The European Union is seeking to bolster economic, trade and security ties with six former Soviet states through a key partnership agreement it is offering up at a summit in Prague.  The effort is being viewed as a way to weaken Moscow's influence in that region.

The European Union is offering up what it calls an Eastern Partnership Agreement to six former Soviet republics -- Armenia, Azerbaijan, Belarus, Georgia, Ukraine and Moldova.

In a nutshell, the deal offers these countries free trade, economic aid, security cooperation and better market access with the 27-member bloc, among other perks. In return, the EU is demanding these countries commit themselves to democracy, the rule of law and sound economic and human rights policies.

Jose Manuel Barroso, president of the European Commission, the EU's executive arm, summed up the stakes for both sides.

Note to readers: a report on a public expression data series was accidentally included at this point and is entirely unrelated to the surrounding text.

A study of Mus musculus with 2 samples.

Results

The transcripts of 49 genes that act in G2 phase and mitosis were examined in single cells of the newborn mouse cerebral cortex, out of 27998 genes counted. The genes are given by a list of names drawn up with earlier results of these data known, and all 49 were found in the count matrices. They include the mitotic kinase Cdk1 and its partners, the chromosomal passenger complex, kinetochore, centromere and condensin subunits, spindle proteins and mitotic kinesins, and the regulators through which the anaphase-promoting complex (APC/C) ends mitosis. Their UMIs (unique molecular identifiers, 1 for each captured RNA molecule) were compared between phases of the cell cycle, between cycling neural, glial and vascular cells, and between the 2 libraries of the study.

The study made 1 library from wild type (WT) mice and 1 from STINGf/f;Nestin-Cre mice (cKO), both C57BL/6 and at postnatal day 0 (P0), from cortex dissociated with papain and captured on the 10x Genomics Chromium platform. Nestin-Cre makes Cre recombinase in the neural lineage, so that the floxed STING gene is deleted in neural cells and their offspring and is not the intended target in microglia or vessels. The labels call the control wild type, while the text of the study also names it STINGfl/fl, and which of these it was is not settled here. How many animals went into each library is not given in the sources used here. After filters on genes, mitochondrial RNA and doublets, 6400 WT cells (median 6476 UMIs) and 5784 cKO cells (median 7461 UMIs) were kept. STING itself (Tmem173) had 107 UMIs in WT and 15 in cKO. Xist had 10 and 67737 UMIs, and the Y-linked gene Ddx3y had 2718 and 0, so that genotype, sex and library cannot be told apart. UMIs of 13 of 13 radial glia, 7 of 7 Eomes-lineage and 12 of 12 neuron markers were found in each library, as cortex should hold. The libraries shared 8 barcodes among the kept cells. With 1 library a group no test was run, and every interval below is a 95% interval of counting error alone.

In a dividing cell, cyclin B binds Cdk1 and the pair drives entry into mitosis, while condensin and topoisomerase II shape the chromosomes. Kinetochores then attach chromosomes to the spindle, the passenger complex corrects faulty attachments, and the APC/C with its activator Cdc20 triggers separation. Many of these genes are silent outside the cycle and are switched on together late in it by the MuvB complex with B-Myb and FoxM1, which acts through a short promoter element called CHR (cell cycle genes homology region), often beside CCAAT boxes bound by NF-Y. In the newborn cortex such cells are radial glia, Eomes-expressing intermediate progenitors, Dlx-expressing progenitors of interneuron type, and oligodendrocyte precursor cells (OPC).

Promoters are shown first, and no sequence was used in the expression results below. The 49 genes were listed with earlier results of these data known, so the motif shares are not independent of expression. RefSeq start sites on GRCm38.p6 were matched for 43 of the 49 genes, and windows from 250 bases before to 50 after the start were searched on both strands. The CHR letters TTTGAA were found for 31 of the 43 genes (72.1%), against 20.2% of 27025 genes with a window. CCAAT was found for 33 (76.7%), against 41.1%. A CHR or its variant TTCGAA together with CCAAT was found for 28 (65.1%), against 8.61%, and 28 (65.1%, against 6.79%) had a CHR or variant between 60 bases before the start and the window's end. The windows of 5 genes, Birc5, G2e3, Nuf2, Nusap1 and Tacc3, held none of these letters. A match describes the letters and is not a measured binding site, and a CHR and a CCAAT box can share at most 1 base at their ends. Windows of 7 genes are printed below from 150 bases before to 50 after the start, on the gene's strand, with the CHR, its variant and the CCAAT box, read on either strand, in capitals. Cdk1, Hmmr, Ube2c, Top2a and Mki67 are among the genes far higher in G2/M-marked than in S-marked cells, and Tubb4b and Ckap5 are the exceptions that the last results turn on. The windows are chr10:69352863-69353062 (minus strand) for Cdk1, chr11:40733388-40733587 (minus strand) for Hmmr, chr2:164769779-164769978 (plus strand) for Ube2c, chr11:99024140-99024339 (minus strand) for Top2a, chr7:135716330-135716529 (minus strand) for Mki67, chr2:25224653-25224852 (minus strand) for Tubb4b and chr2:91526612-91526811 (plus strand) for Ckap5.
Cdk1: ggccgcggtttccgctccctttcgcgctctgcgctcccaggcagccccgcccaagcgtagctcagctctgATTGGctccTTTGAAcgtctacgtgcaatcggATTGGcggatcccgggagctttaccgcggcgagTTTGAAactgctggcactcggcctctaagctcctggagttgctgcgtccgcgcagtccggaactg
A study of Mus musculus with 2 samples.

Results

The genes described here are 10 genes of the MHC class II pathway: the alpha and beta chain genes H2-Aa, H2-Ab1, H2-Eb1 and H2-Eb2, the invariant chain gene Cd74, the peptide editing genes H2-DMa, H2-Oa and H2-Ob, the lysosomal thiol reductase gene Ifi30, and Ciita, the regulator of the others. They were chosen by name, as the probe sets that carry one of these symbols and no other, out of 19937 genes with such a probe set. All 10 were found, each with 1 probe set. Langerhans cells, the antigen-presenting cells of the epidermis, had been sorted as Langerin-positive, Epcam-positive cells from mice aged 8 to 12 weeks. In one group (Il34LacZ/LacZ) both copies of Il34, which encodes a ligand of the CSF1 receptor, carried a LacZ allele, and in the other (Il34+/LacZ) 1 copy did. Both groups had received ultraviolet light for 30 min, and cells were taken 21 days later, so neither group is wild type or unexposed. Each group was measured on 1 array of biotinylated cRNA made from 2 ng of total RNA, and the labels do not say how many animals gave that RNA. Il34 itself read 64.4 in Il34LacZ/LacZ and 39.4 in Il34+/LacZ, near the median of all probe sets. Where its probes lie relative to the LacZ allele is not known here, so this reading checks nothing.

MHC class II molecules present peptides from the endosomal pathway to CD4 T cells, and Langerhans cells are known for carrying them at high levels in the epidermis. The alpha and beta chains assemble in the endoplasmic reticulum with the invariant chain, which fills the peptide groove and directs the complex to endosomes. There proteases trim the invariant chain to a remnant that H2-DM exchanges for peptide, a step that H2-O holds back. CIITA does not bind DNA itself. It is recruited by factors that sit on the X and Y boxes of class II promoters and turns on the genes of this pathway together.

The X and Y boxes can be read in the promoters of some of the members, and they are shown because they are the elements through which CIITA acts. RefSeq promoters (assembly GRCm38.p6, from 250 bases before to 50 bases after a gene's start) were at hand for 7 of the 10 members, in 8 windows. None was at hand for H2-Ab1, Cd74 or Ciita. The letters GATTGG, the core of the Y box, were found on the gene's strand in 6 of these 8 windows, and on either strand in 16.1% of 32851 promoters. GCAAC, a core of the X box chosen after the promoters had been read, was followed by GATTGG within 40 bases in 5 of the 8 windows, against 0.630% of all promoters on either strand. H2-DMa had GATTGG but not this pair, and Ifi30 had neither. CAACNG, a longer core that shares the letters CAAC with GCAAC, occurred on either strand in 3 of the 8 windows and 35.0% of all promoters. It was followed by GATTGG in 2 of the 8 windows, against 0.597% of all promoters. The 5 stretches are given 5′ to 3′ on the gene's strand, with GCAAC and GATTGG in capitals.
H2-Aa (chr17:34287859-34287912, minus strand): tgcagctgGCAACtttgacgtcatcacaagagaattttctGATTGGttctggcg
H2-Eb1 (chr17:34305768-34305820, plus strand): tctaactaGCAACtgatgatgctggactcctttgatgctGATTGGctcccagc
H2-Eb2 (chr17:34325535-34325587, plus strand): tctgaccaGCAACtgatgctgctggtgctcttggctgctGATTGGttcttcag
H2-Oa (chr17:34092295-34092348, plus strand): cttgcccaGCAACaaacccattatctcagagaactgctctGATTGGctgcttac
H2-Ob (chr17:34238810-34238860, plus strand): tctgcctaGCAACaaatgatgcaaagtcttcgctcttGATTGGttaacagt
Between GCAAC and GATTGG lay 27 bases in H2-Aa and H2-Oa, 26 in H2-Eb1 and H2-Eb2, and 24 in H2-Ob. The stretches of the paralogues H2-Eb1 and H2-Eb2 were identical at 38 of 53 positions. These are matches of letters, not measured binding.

"We are living a very difficult moment on the economy, therefore it is very timely that we do something on the economy today, in this period of time...on trade, on visa facilitation..and an issue that will be very, very important for them and us is energy," Barroso said. "So it will be a very wide panoply of issues -- some come from the past, some are new and some that will appear in the future."

But several key European leaders -- including those from France, Britain and Spain were not attending the summit, sending lower-level representatives instead. Nor were high representatives present from Moldova and Ukraine, two countries which are riven by political and economic problems.

Moscow is also skeptical about the partnership deal with countries it traditionally considers within its sphere of influence. Indeed, the summit may increase tensions between Russia and the West which are currently at odds over NATO military exercises in Georgia.